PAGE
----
Too Much, Too Long, Acting Not Comparable with 1955 Movie
There is no comparison between these films (1955 vs. 1981). 1955 wins it hands down. I own both films and showed this one to a friend. When finished, he said that he felt as though he was just being released from school. While 1955 effectively focuses on the last portion of the Steinbeck novel, this film attempts to trudge through the entire book. And "trudge" it does!
Certainly a "Giant" of a Movie
This film is too long to show in my classes, so I generally offer it as extra credit for students who want to strive harder. One of my students watched the film last weekend and submitted her extra credit paper. I asked her whether she enjoyed it. She said that she loved the movie--there were so many issues that could be found in the film.
I agree with my student. I watched the movie long ago, but had forgotten the story line. Then when I watched it last summer, I was reminded of the powerful performance James Dean gave to that picture. For me, it just shows another step in his growth as an actor.
I definitely recommend this movie.
Rebel Without a Cause (1955)
A Tremendous Motion Picture
I was a teenager when this movie came out. However, I didn't see it until last year. I wasn't a James Dean fan back then. I suppose you might call me a slow learner. As far as I am concerned, James Dean was one of the greatest actors of all times. And despite what some critics say, this film is as relevant today as it was when the picture first came out.
The acting in the picture is superb--particularly James Dean as Jim Stark. It is a fascinating movie to watch because his acting ability takes a new turn in "Rebel"--Dean matures from the excited, bouncing, youthful Cal Trask of "East of Eden" to the more determined, angry, frustrated rebel. He wants answers--and he is certainly not getting them from his parents.
This is definitely a picture to see.
East of Eden (1955)
An excellent portrayal of issues that are still very relevant
"East of Eden" is an extremely important film concerning family relationships. Even though it is set in 1917, most of my students connect with it because they see these situations occurring in their own families. The acting in the film is superb--particularly, James Dean, who portrays Cal Trask. Cal takes desperate measures in his desire for acceptance and love. What I find so interesting in the movie is the change of attitude of Cal's brother, Aron. In the beginning of the film (when Cal is not a threat), Aron accepts his brother; i.e., his statement, "I love him." On the other hand when Cal moves toward acceptance and threatens the other brother's position--that's when Aron's hatred, resentment (and probably his real self) emerges. I show it in my college classes. Students who are seeing the film for the first time (and James Dean for the first time as well)--connect with it!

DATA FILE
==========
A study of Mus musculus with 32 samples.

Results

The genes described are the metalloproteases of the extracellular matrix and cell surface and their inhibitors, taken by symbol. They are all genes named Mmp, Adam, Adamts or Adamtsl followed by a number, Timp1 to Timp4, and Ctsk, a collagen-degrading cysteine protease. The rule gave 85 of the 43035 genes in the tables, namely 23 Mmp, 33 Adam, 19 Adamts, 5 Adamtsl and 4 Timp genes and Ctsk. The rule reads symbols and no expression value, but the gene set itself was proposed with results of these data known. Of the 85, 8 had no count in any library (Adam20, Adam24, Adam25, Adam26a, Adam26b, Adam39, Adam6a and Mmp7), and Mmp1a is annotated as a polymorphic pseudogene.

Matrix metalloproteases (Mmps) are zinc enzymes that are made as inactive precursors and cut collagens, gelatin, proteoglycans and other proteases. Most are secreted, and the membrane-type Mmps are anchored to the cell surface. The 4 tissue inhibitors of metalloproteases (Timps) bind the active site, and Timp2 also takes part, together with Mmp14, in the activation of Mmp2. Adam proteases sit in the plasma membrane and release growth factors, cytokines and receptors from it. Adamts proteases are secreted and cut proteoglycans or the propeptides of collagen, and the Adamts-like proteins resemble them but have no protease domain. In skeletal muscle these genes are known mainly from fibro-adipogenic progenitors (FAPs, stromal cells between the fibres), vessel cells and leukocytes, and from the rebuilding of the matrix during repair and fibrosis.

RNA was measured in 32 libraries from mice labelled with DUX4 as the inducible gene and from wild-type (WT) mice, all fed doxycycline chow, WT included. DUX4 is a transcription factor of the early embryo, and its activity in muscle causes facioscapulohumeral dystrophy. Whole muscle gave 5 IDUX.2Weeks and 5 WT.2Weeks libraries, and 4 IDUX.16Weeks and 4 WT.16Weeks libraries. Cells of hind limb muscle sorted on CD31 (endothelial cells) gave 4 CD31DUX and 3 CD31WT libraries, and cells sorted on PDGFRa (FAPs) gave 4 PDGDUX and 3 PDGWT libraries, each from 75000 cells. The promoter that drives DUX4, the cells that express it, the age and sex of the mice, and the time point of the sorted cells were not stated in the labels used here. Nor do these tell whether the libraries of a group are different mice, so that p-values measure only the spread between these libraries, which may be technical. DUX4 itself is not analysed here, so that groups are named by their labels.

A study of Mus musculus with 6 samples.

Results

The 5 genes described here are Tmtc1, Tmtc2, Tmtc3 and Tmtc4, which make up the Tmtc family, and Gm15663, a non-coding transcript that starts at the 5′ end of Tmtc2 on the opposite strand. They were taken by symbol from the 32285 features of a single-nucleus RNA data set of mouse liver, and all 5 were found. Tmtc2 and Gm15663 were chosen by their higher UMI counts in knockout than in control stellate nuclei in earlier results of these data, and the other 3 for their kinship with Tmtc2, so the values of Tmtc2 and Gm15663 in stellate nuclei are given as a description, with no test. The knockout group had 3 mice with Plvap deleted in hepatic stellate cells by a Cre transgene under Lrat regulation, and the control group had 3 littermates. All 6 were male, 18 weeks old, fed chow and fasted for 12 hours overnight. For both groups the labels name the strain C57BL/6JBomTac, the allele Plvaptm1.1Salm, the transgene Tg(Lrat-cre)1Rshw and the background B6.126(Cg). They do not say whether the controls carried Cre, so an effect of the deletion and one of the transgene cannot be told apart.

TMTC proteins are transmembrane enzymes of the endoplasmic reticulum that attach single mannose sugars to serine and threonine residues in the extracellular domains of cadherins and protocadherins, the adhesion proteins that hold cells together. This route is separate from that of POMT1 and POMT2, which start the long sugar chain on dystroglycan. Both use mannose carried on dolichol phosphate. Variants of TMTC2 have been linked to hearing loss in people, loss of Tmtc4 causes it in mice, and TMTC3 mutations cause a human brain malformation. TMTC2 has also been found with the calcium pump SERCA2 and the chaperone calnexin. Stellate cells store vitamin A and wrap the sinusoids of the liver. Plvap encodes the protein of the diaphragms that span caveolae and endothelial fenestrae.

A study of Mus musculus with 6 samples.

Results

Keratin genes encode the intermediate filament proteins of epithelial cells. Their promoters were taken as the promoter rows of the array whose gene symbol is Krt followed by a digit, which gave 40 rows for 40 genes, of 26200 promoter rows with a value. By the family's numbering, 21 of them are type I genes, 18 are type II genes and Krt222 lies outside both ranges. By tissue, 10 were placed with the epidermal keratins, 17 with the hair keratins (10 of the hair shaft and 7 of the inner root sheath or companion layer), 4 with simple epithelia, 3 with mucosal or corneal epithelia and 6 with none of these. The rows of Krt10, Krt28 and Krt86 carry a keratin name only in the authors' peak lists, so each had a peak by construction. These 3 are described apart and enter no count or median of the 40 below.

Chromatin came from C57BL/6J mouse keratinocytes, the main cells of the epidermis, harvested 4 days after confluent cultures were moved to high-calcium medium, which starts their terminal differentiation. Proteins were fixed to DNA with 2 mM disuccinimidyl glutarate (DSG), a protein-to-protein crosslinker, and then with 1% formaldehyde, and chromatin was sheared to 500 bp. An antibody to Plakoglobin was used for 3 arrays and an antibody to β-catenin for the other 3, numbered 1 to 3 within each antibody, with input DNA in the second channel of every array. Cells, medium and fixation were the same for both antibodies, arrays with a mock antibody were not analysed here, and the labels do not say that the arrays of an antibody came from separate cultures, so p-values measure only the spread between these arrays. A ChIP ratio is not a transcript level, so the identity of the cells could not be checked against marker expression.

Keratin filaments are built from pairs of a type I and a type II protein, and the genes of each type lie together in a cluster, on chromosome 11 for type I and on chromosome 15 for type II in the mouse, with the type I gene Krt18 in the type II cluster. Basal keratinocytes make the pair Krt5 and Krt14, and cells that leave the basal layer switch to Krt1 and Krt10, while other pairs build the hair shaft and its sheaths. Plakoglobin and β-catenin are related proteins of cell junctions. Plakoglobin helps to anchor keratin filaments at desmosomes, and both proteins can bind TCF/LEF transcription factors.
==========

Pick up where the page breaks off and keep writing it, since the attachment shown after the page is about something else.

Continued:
General Electric Theater (1953)
Referring to "The Dark, Dark Hours"
I have been trying to find a tape of the show aired on General Electric Theater December 12, 1954 called "The Dark, Dark Hours" starring Ronald Reagan and James Dean. I saw that show years ago when I was only eleven years old, so I do remember some of it. Dean played the part of a "Hep cat killer" in that show, and he terrorized a doctor (Reagan) and his wife.
My parents purchased our first television set a few months before this episode was aired. In those days, I had a tendency to believe everything that I saw. That was the first time I ever saw James Dean in any sort of drama--and I was terrified. We lived in an old house that creaked in the wind. After watching that show, I believed this killer was walking through our house with a gun (and of course, he was out to get me!)
Hopefully, someone will find a tape of this show in some vault somewhere. I really would like to obtain a copy for my ever-growing Dean "museum" I have here at home.